Louisiana and Mississippi are leading the nation in the number of people who have become the most seriously ill from West Nile virus this year. State health departments are warning residents to take precautions against mosquitoes, which spread the virus.
“Not in my house, not on my skin, not in my yard,” said Dr. Raoult Ratard, Louisiana’s state epidemiologist, as he repeated the state slogan for fighting the disease Wednesday. Precautions include making sure door and window screens don’t have holes; wearing long clothes and using mosquito repellent; and making sure the yard doesn’t hold any standing water where mosquitoes might breed — even a bottle cap.
As of Aug. 21, Louisiana had 18 cases of West Nile encephalitis or meningitis out of a national total of 133, the Centers for Disease Control and Prevention reported Wednesday on its website. Mississippi had 15 such “neuroinvasive” cases, Texas 14 and California 12.
South Dakota had nine, Iowa seven, Nebraska six and Alabama and Pennsylvania five each.
Dr. Paul Byers, Mississippi’s state epidemiologist, said Mississippi is “always” among the states with the highest rates for West Nile virus.
“Regardless of whether we report the disease in your county … we want everybody to take those appropriate precautions,” Byers said.
Reports of infections of the brain and nervous system are more reliable indicators of West Nile’s seriousness than statistics for flu-like West Nile fever or symptomless infections found most often when people donate blood, he and Ratard both said.
That’s because most patients will be hospitalized, Ratard said. “And it’s the major problem with West Nile,” he added. “One out of 10 (with neuroinvasive West Nile virus) will die; one out of 10 will have permanent disabilities.”
The CDC reported eight deaths so far this year: two in South Dakota and one each in Louisiana, Iowa, Ohio, Georgia, Tennessee and North Carolina.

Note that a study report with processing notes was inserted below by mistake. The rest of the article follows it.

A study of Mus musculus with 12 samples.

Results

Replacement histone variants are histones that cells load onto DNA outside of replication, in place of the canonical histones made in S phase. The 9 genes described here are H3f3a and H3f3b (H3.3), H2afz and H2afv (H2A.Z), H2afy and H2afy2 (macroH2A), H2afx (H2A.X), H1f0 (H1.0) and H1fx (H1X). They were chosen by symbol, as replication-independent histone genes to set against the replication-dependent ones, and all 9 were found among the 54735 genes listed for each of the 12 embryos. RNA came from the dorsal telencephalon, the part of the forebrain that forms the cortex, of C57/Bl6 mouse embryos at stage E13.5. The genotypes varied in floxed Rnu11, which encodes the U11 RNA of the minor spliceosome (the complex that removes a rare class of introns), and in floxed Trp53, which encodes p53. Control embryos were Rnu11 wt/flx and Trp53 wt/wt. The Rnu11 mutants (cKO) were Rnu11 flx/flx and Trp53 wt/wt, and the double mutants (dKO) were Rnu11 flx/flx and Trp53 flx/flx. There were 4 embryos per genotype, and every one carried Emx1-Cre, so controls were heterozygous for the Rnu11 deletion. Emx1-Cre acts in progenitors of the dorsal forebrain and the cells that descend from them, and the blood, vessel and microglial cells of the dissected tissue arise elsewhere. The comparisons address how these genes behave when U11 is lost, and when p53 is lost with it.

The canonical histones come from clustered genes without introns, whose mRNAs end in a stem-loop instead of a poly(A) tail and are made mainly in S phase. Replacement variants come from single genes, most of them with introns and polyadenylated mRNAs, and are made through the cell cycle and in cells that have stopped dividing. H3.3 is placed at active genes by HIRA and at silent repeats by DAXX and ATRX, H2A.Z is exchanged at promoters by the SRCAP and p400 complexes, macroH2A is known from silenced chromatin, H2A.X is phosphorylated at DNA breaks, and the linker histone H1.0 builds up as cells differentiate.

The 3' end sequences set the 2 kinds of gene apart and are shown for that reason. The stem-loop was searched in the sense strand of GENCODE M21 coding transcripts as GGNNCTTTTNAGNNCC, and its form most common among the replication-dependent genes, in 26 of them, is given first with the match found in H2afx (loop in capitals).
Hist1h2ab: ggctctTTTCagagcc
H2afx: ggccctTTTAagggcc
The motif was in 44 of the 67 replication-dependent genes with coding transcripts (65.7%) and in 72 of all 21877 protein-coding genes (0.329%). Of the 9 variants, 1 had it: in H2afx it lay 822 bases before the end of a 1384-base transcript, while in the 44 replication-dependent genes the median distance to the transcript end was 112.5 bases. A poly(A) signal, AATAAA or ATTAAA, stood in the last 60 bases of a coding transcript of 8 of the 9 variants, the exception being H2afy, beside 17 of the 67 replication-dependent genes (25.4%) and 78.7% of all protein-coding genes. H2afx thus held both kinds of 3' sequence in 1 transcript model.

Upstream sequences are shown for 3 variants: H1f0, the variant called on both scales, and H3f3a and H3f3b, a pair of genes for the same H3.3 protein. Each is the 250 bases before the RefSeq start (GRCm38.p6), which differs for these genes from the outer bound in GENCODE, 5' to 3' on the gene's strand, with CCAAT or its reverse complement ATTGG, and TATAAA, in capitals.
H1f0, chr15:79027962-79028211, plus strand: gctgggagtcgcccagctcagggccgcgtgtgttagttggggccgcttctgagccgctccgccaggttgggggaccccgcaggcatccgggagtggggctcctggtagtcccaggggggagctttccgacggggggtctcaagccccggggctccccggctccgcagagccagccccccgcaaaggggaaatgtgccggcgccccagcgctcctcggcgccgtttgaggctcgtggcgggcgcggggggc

Overall, the CDC said, 45 states and the District of Columbia have reported the virus in people, birds or mosquitoes this year.
About one in five infected people becomes ill, and the virus spreads to the nervous system in about one in 150, according to the CDC.
West Nile fever diagnoses depend on whether a patient even goes to the doctor, and then on whether the doctor tests for it. And most people bitten by an infected mosquito never show any symptoms. They’re diagnosed only if their blood is tested.
The CDC reported 98 cases of fever and 89 positive blood tests.
Six states — Florida, Indiana, Missouri, New York, Oregon and Utah — have diagnosed only one or two fever cases and none in the nervous system. The only reports in New Mexico and Montana were from a single blood test in each.
Ratard said 1,054 people in Louisiana have come down with the most serious form of the disease over the past 16 years. “So we probably have 100,000 to 200,000 people that were infected in Louisiana, and that are immune,” Ratard said.
CDC figures often lag behind state reports. Louisiana reports there have been 31 residents with dangerous nervous system infections, including two deaths, and 13 cases of West Nile fever. Mississippi has reported 10 fever cases in addition to the 15 nervous system infections, Byers said.
Variations from state to state and year to year depend on various local factors, Ratard said.
He noted that although Louisiana is seeing more cases this year than last, numbers are still down considerably from the worst years, such as 2002 and 2012. Louisiana had 142 nervous system infections by this week in 2002, out of a total of 204 for the year. There were 95 such cases by now in 2012, out of 160 for the year.
There were nearly 3,000 cases of encephalitis and meningitis caused by the virus in both 2002 and 2012.